Without Affordable, Accessible, and Adequate Housing, Health Has No Foundation

Centennial Issue Population Health Health Inequities

Policy Points:

  • Today’s housing disparities are rooted in the increasing commodification of housing that has taken precedence over the need for shelter, a basic human right.
  • With rising housing costs across the country, more residents are finding their monthly income going to rent, mortgage payments, property taxes, and utilities, leaving little for food and medication.
  • Housing is a determinant of health, and with increasing housing disparities, action must be taken to ensure no individual is displaced, communities remain intact, and cities continue to thrive.

Disparities in access to safe, adequate, and affordable housing contribute to health inequities worldwide. Today’s housing disparities are rooted in the increasing commodification of housing that has taken precedence over the need for shelter, a basic human right. In the United States, historical and contemporary policies have created and maintained racial, ethnic, gender, and other systemic disparities in opportunities to access economic resources and quality housing. A 2022 report by the National Association of Realtors showed that although homeownership rates in the United States increased by 1.3% in 2020, the highest annual rise recorded, homeownership rates for Black Americans (43.4%) remained lower than White Americans (72.1%).1

Such housing disparities can impact both the physical and mental well-being of populations. For example, mortgage foreclosures have been associated with worse mental health and physical symptoms like trouble sleeping, chest pain, and stomach cramps.2 Furthermore, the impacts of foreclosure go beyond individuals directly affected. Existing research demonstrates that those who resided in neighborhoods that experienced high foreclosure rates were more likely to seek treatment in hospitals and emergency rooms for various conditions including mental health, stroke, and heart attacks.3

The neighborhood environment beyond housing also impacts health. Public health research has provided strong evidence on the connection between a neighborhood’s social, economic, and physical environmental factors such as poverty, access to healthy food, and levels of crime to various mental and physical health outcomes, including anxiety, depression, heart disease, and stroke.4–7 However, much of this research has overlooked the potential role of housing in moderating the effect of neighborhood conditions on health. For example, retrofitting older houses in neighborhoods with greater exposure to air pollution could provide a level of protection against toxins through better air filtration systems.8 Also, the stress of being at risk for eviction may offset the health benefits of neighborhood amenities.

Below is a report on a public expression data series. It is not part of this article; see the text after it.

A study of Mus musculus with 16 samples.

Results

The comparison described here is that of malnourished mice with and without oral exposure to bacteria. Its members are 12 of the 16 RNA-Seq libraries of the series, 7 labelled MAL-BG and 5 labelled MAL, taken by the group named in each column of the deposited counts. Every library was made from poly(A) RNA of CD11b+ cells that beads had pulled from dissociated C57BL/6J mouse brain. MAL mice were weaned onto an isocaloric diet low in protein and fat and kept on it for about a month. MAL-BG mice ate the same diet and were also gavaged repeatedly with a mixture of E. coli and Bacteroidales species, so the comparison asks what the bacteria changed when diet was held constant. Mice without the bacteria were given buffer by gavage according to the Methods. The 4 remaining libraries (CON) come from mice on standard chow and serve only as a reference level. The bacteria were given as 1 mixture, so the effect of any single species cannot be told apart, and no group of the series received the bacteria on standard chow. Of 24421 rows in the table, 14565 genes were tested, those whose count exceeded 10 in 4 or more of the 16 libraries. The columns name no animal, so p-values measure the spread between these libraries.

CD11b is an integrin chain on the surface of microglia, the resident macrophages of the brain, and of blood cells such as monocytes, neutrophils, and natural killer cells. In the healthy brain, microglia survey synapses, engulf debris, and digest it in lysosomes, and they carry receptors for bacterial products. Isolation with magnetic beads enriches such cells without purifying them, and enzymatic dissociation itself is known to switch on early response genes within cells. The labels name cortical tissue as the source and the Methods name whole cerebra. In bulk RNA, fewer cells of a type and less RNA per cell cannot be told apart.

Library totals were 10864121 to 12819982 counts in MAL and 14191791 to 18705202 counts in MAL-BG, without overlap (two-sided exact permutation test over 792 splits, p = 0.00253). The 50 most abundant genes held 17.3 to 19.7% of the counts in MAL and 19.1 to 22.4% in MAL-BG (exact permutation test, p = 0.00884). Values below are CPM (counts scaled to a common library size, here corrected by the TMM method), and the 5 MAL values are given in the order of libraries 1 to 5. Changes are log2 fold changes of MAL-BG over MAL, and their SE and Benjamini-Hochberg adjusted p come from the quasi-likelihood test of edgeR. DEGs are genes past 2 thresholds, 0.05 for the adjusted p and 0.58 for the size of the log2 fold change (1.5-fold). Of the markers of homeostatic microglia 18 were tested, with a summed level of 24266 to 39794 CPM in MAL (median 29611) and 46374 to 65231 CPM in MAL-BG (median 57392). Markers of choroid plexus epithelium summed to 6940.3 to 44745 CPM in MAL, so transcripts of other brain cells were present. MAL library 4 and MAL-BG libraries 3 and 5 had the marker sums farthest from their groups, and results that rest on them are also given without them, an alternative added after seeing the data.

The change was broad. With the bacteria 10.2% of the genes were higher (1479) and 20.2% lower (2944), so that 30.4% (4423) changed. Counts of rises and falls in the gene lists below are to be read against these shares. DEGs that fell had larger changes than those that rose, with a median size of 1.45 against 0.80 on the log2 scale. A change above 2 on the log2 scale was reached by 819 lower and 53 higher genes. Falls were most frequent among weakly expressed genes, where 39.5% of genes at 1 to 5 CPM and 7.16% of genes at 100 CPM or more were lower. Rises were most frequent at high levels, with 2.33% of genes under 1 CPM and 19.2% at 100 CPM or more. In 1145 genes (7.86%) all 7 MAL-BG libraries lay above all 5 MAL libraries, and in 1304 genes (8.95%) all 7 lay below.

This Perspective demonstrates that housing insecurity—which encompasses the dimensions of housing unaffordability, inaccessibility, and inadequacy—is a major public health issue with strong ramifications affecting households, neighborhoods, and cities.9 Here, I examine each of these dimensions in relation to health and health inequities and discuss policies that have contributed to each dimension, and, in the face of glaring housing disparities in the United States and their effect on health inequities, I propose the important role of public health research to provide additional evidence to inform and advance policies designed to mitigate negative neighborhood impacts, housing disparities, and health inequities.

Open Access


  1. National Association of Realtors. A snapshot of race and home buying in America. https://www.nar.realtor/research-and-statistics/research-reports/a-snapshot-of-race-and-home-buying-in-america. Published 2022. Accessed May 12, 2022.
  2. Cannuscio CC, Alley DE, Pagán JA, et al. Housing strain, mortgage foreclosure, and health. Nurs Outlook. 2012;60(3):134-142.e1. https://doi.org/10.1016/j.outlook.2011.08.004.
  3. Currie J, Tekin E. Is there a link between foreclosure and health? National Bureau of Economic Research. Working paper 17310. https://doi.org/10.3386/w17310. Published August 2011. Accessed December 5, 2022.
  4. Barber S, Hickson DA, Wang X, Sims M, Nelson C, Diez-Roux AV. Neighborhood disadvantage, poor social conditions, and cardiovascular disease incidence among African American adults in the Jackson heart study. Am J Public Health. 2016;106(12):2219-2226. https://doi.org/10.2105/AJPH.2016.303471.
  5. Caughy MO, O’Campo PJ, Muntaner C. When being alone might be better: neighborhood poverty, social capital, and child mental health. Soc Sci Med. 2003;57(2):227-237. https://doi.org/10.1016/S0277-9536(02)00342-8.
  6. Masi CM, Hawkley LC, Piotrowski ZH, Pickett KE. Neighborhood economic disadvantage, violent crime, group density, and pregnancy outcomes in a diverse, urban population. Soc Sci Med. 2007;65(12):2440-2457. https://doi.org/10.1016/j.socscimed.2007.07.014.
  7. Stulberg EL, Twardzik E, Kim S, et al. Association of neighborhood socioeconomic status with outcomes in patients surviving stroke. Neurology. 2021;96(21):e2599-e2610. https://doi.org/10.1212/WNL.0000000000011988.
  8. Walzer D, Gordon T, Thorpe L, et al. Effects of home particulate air filtration on blood pressure. Hypertension. 2020;76(1):44-50. https://doi.org/10.1161/HYPERTENSIONAHA.119.14456.
  9. US Department of Housing and Urban Development (HUD). Measuring housing insecurity in the American Housing Survey. https://www.huduser.gov/portal/pdredge/pdr-edge-frmasst-sec-111918.html. Published 2018. Accessed May 13, 2022.

Mehdipanah R. Without Affordable, Accessible, and Adequate Housing, Health Has No Foundation. Milbank Q. 2023;101(S1): 419-443.